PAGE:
The themes and debate over the merits and horrors of Empire, like the sun on that of the former British, seems never to set.
While not a strict historian, I have spent years reading heavy leather bound tomes telling of dash and heroism which added (subjected?) nations and peoples to the Pax Britannica once shaded a light cartographers pink. Likewise I have stumbled through a goodly proportion of the post colonial, Subaltern, reassessment of Empire that so keenly divides historians. Needless to say, this is not going to be an in-depth analysis of the whole of Empire, just an acknowledgement that the debate still rages long after most, but by no means all, of the troops and administrators have set sail. (If you want a closer analysis of what I call the ‘temples of the mind of Empire’ have a look at chapter five of my thesis, but take a stiff drink beforehand… its supremely boring!)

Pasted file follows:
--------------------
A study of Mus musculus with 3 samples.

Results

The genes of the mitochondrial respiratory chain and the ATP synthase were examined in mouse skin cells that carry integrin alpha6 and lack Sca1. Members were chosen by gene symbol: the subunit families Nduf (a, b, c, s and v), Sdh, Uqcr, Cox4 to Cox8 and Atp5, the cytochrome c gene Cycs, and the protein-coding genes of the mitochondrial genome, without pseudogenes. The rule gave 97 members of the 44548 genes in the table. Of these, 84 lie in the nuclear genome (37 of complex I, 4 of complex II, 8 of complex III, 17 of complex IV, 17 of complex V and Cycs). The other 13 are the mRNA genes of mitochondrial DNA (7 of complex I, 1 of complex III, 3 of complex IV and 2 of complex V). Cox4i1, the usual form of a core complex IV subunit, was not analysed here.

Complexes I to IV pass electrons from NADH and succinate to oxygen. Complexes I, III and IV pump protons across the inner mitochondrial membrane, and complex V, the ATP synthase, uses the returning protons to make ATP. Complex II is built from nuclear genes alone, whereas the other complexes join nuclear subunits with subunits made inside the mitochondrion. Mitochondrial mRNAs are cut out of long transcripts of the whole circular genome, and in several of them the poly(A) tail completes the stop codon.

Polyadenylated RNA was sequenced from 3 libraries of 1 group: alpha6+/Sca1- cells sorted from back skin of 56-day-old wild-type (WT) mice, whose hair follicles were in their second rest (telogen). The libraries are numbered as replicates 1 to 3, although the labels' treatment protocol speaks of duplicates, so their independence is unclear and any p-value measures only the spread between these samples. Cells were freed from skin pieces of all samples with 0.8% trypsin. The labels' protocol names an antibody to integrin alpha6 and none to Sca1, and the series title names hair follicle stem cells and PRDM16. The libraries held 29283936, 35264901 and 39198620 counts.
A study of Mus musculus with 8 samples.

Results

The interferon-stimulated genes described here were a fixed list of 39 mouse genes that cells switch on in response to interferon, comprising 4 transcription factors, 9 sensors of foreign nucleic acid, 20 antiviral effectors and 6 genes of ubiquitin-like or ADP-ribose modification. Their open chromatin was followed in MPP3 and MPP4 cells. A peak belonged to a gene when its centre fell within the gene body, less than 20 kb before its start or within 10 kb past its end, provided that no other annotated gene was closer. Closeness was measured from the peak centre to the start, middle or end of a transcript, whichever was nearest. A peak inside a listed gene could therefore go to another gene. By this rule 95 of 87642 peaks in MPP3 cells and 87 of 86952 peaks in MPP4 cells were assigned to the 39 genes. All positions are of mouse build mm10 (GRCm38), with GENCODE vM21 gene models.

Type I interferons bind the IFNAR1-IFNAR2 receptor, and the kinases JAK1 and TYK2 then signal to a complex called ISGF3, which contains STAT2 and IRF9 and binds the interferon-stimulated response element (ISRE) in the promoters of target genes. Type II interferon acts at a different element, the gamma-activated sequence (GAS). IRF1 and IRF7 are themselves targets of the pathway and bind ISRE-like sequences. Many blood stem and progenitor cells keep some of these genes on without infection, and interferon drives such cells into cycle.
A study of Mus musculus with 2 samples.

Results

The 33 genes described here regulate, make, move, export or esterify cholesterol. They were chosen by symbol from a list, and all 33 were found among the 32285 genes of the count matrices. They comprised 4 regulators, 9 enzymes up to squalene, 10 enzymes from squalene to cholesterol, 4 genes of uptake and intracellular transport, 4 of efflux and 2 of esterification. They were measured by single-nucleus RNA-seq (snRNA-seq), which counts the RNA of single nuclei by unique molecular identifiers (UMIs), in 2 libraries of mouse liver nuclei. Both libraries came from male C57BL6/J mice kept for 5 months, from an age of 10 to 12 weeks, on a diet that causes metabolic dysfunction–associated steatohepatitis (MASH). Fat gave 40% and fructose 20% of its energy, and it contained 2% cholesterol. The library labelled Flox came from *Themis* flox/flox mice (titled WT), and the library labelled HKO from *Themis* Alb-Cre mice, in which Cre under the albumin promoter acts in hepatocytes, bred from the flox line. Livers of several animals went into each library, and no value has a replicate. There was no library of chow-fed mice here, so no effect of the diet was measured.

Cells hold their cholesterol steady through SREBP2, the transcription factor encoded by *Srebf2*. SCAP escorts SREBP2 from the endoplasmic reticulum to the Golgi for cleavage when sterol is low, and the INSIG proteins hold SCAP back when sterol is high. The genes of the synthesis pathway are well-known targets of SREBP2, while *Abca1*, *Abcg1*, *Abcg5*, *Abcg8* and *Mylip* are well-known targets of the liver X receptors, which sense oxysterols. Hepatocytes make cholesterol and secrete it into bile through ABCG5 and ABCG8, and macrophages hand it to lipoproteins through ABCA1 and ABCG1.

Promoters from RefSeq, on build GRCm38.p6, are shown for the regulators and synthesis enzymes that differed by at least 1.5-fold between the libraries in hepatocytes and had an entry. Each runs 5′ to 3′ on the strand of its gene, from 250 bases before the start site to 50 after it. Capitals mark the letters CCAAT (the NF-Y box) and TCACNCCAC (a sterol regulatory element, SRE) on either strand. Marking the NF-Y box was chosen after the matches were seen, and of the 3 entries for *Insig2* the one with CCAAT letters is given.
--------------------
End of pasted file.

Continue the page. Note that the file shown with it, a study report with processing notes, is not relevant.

The polarisation is remarkable, from, on the one hand the likes of Kwarteng portraying “jolly good fellows [leaving] a great mess wherever they were unleashed on hapless natives,” to Ferguson on the other, who believes that the British empire brought the benefits of democracy and free trade to Asia and Africa, and was no less than the maker of the modern world.
Either way, three new and interesting books have been published this month to add to the pantheon of debate on the subject. They are all reviewed in a brilliant article by Mishra (the author of ‘Temptations of the West: How to be Modern in India, Pakistan, Afghanistan, Tibet and Beyond’) in the Financial Times. While I think that his statement that “The enthusiasm for a new western empire seems a strange hallucination today as Anglo-America lurches from one crisis to another,” and believe it to be short sighted for a historian, the article is well worth a read, and can be found here. And the books are listed below:
Empire: What Ruling the World Did to the British, by Jeremy Paxman.
Britain’s Empire: Resistance, Repression and Revolt, by Richard Gott.
Ghosts of Empire: Britain’s Legacies in the Modern World, by Kwasi Kwarteng.